Museum of Old and New Art - MONA

A very discriminating friend of ours said, “If MONA was in New York City, it would be rated one of the best museums in the world.”. With an endorsement like that, how could we miss it? The day was cold, raw and rainy as we headed north of Hobart in the marina courtesy van to the Museum of Old and New Art aka MONA. MONA is the largest, privately-funded museum in Australia. It's owner, David Walsh, is a native Tasmanian whose career as a professional gambler has paid off in a big way. His penchant for collecting antiquities, modern and contemporary art led to the building of MONA to have a proper place to display his acquisitions and to share them with the world. He describes MONA as a "subversive adult Disneyland." When it opened The Age, Melbourne's daily newspaper, described it as “macabre and ungodly”. Lonely Planet compares it to the Guggenheim. Quadrant, an Australian intellectual magazine, described it as the art of a decaying society bereft of morality. Bizarre,unique, unusual, incredible… these are the words that come to my mind when I think of MONA. Also, superb, outstanding and extraordinary. Macabre, dark and disturbing fit in there somewhere, too.

We arrived at the unassuming mirrored entrance by walking first past by a winery, brewery and restaurant, then across a full-sized tennis court and a huge ornately sculpted, iron-rod cement truck. This was just the beginning of the surprises which awaited us inside. Those arriving by ferry up the Derwent River got a different view of the building, showing off its grandeur. The building itself, a three-level structure built into the cliffs of the Berriedale peninsula, is grand in the truest sense of the word … with large open spaces and great halls.

We paid our admission and they gave us a headset and an iPod touch with instructions. We headed down a set of spiral stairs to the first level of exhibits. First of all, the “O” system is the guided tour which appears on your iPod screen. There are no labels, signs, maps or commentary in the museum exhibit areas. A touch of a button uses a geo-locator to figure out exactly where you are in the museum and tells you what exhibits are closest to you. You scroll down to find the exhibit you're interested in and voila...there it is.... a description of the piece. There's an “artwank” option which provides curatorial commentary on the piece; “ideas” which gives some food for thought and our favorite “Gonzo” which are humorous comments made by David Walsh. I could “hate” or “love” each exhibit if I wished with subsequent comments appearing as to how many other visitors agreed or disagreed with my vote. Sometimes there was audio to accompany the piece.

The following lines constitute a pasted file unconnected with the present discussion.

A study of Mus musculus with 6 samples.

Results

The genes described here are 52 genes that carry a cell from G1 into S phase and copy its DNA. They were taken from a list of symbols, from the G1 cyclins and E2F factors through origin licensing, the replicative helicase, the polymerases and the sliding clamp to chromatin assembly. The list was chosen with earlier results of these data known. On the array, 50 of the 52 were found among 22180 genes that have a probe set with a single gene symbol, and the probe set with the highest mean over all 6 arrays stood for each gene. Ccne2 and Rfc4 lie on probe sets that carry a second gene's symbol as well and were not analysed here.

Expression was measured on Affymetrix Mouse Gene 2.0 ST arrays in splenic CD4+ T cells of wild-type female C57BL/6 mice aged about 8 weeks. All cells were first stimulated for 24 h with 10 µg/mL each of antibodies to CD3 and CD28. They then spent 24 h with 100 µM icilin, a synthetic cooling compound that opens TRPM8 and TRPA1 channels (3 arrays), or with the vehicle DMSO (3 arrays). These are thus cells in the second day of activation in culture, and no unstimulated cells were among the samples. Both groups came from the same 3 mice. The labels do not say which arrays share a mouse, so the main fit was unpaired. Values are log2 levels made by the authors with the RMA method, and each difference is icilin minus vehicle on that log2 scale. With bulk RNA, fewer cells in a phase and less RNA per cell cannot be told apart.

The stairs going up and down and criss-crossing each other throughout the building were reminiscent of an M. C. Escher drawing. A maze of corridors led us past some wonderful and some outlandish pieces of art, begging the age-old questions: what is art? what is the role of art and the artist in society? We saw the mummy and coffin of Pausiris c.100 BCE. Only two people were allowed inside the Death Gallery at a time. Once inside the door, in a very dimly lit, black-walled room, we stepped on paving blocks surrounded by water which led to a pedestal where the coffin and mummy were most tastefully displayed. An x-ray machine showed the skeletal remains of the body. We saw several other mummies in the course of the day, but none so memorable.

There was a skull comprised of beetle carapaces; a euthanasia machine; a kitten trophy rug (really!). The Snake by Sir Sydney Nolan is a 46m x 9m mural which took up one whole wall of a hall. Cloaca Professional is a machine that takes in food, digests it and renders excrement at the other end. It's said to be a commentary on the fact that modern art is crap. We're not sure. It was certainly bizarre.

There was an entire room of tapas, the ornately decorated bark cloth found in the South Pacific. One piece of artwork was called “Remnants of a suicide bomber cast in dark chocolate”. I especially appreciated a collection of intricate carvings and ornate masks from Papua New Guinea. Some pieces were erotic and sexual to the point of pornography. Every piece was evocative or provocative; for sure each elicited some response. “Artifact” was a huge metallic head laying on its side with windows so you could look inside it, strobe lights illuminating mechanical animations within.

One exhibit took up an entire wall and extended up three stories. Entitled “bit.fall”, it was a digital cascade which displayed CNN-type headlines in jets of water, very cleverly symbolizing the flow of information. David was taken with “The Fat Car”, a bright red Porsche Carerra, fattened up and representative of the ultimate in consumer indulgence. The most disturbing exhibits were those in the Conflict exhibit which depicted art based on war. Men hung upside down with their genitals gouged out. Women screaming while being raped. Bloodied bodies strewn haphazardly on roadsides.

In all, over 400 artistic works are displayed. We spent the better part of the day there and could have spent longer. But it was not over when we left the museum. We had the option of saving our “O” tour which MONA sent to us within hours of our visit. It traced our steps through the museum in a 3-D format and provided the same information we had seen on the iPod. We can relive this visit over and over.